In this episode, Bob and Mike discuss a near-fatal chlorine incident and explore the situation from a variety of perspectives.
- A chlorine release is a high-risk, low-frequency event that can have grave results. Fortunately, Utah Valley University (UVU) and the Department of Homeland Security (DHS) just released the final Jack Rabbit Project report for catastrophic chlorine releases and the impacts on first responders. The following incident is an example of a chlorine near miss.
6:45 Event Description
- A local company called the fire department to report a chemical leak. The fire chief sent two awareness-trained firefighters to investigate. They responded alone and found a leaking chlorine tank. One firefighter reported the chlorine leak to the chief, who was not on scene, via cell phone.
- A company representative then joined the firefighters on scene and found a leaking quarter-inch line, which could be shut down by turning the valve off on the tank. The chief directed the two firefighters to go on air and shut off the leaking valve. The firefighters entered the area and completed the task, then returned to the station.
- Days later, the firefighters were training in the station when other firefighters noticed a strong odor of chlorine on their gear. The gear was removed and bagged. The SCBAs used had visible corrosive signs on metal snaps and buckles. The firefighters admitted to rashes on their skin and sore throats after the event, but the symptoms by this time had self-corrected.
- The Local Emergency Planning Committee (LEPC) became involved and reported the spill to the Environmental Protection Agency (EPA). There was a failure to notify local government agencies on the part of both the company and the chief. The fire department and the company are now both under investigation by OSHA and EPA. The career/paid city fire chief tendered his resignation.
- The two firefighters who responded and mitigated this incident were trained to the hazmat-awareness level. Trained at this level, firefighters are responsible for:
- Recognizing a hazardous material is present
- Protecting themselves
- Communicating to the proper authority
- Establishing scene control
- It is never appropriate for an officer to assume command of an incident when he or she is not on scene. Furthermore, offensively mitigating a chlorine release exceeds the training of awareness-level firefighters. In some instances an operations-level firefighter may be directed to turn off a remote valve; however, it is done outside the hot zone and with a backup team in place.
- Hazmat incidents almost always require a unified command; decision makers may include:
- The spiller
- The responsible party
- The fire department
- The hazmat responders
- The clean-up contractors
- Law enforcement
- State agencies
- Federal agencies
- The two firefighters, untrained and wearing the wrong PPE, were lucky. They are fortunate that they only suffered skin irritation, a cough and equipment damage.
- Are your responders trained to hazmat awareness, operations or technician level? Think about their level of proficiency; do they have the knowledge to effectively use a risk-based decision-making process during a chlorine incident?
- Structural firefighting gear and SCBA are not appropriate for offensive hazmat tactics, but it is enough protection to rescue a savable life. Most will argue that saving a life in exchange for throwing out a set of bunker gear is a justified risk. Discuss your approaches with your crew and decide if this is true for most hazardous materials.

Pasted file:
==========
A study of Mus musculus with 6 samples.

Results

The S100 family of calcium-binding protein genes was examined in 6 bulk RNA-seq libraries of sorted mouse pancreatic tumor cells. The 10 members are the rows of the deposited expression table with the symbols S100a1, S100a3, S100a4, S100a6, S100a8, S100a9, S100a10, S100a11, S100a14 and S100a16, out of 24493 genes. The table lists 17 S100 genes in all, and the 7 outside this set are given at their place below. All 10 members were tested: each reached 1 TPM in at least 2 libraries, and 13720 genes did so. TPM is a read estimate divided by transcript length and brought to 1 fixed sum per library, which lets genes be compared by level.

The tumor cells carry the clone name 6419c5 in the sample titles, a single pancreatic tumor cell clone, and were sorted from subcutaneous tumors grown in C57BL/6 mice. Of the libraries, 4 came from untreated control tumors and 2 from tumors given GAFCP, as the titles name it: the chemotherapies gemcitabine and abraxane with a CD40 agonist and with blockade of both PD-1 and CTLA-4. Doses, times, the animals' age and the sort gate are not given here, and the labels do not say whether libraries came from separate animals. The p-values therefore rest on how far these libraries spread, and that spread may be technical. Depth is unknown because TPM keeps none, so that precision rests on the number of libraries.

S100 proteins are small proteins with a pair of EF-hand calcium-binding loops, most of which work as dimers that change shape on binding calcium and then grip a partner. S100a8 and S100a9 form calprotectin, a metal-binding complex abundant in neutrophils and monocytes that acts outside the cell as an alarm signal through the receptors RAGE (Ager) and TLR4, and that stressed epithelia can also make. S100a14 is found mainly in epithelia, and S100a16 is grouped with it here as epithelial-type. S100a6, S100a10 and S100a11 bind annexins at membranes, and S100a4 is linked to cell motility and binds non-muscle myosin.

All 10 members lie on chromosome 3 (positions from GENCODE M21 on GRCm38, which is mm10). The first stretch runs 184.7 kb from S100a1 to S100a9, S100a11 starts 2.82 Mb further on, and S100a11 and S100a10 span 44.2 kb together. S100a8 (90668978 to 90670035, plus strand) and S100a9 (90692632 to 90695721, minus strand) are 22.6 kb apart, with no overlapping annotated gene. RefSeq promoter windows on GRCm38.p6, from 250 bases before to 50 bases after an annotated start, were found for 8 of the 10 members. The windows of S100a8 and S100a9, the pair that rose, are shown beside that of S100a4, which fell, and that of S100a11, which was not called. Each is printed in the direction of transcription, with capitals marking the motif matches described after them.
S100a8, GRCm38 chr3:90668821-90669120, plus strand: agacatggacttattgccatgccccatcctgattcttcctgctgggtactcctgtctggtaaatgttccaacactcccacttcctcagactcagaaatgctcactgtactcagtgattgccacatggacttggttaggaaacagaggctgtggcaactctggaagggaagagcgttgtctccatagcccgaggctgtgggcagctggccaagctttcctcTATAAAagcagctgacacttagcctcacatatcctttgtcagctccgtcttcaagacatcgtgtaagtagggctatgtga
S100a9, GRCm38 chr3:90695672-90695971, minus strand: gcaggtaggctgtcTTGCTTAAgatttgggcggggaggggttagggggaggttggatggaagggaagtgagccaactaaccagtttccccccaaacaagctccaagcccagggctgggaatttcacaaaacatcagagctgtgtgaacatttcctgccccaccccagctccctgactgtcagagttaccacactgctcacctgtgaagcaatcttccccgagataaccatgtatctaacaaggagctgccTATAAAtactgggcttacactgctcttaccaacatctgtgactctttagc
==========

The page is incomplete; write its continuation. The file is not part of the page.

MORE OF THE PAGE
- How frequently does your crew train on high-risk, low-frequency events like chlorine and anhydrous ammonia?
- Do you train with your local hazmat team or with industry? What outside resources can you include at your next drill?
- Ensure that your crew members are current on their continuing education and certifications. Review case studies and discuss how you would respond today. Reach out to local industries and ask for a tour and schedule annual training. You can learn a lot from each other.
- UVU and DHS published the final report on the Jack Rabbit Project.
- The 2016 Emergency Response Guidebook’s Initial Isolation and Public Protective Action distances are consistent with the Jack Rabbit data in both the upwind and downwind environment.
- Sheltering in place is the most survivable option as a primary means of public protection during such emergencies if evacuation is not possible. It is better to be inside a structure or vehicle than outside until the outside chlorine concentration drops and the danger has passed. Gas concentrations will be affected by multiple factors, primarily wind and terrain.
- Vehicles continued to be operational even when exposed to ultra-high concentrations of chlorine. Escaping a chlorine plume lateral to the wind in a vehicle is the best course of action if the public or emergency responders find themselves in that position.
- Photo ionization detectors (PID) with 11.7eV bulbs detected chlorine with reasonable accuracy and repeatability over broad chlorine-concentration ranges.
- The primary strength of predictive plume models is in their use as planning guidance and forecasting tools rather than as emergency-response tools due to the real-time uncertainty of some essential source data. First responders need to understand the application, limitations and capabilities of the plume model they use, including the widely used ALOHA model.
- Common urban surfaces and materials were not significantly affected, even by direct liquid exposure to chlorine. Heavy hydrocarbons dissolved and metal surfaces were immediately corroded. Electronics continued to operate after exposure; however, long-term operability was erratic. No residual chlorine contamination was noted.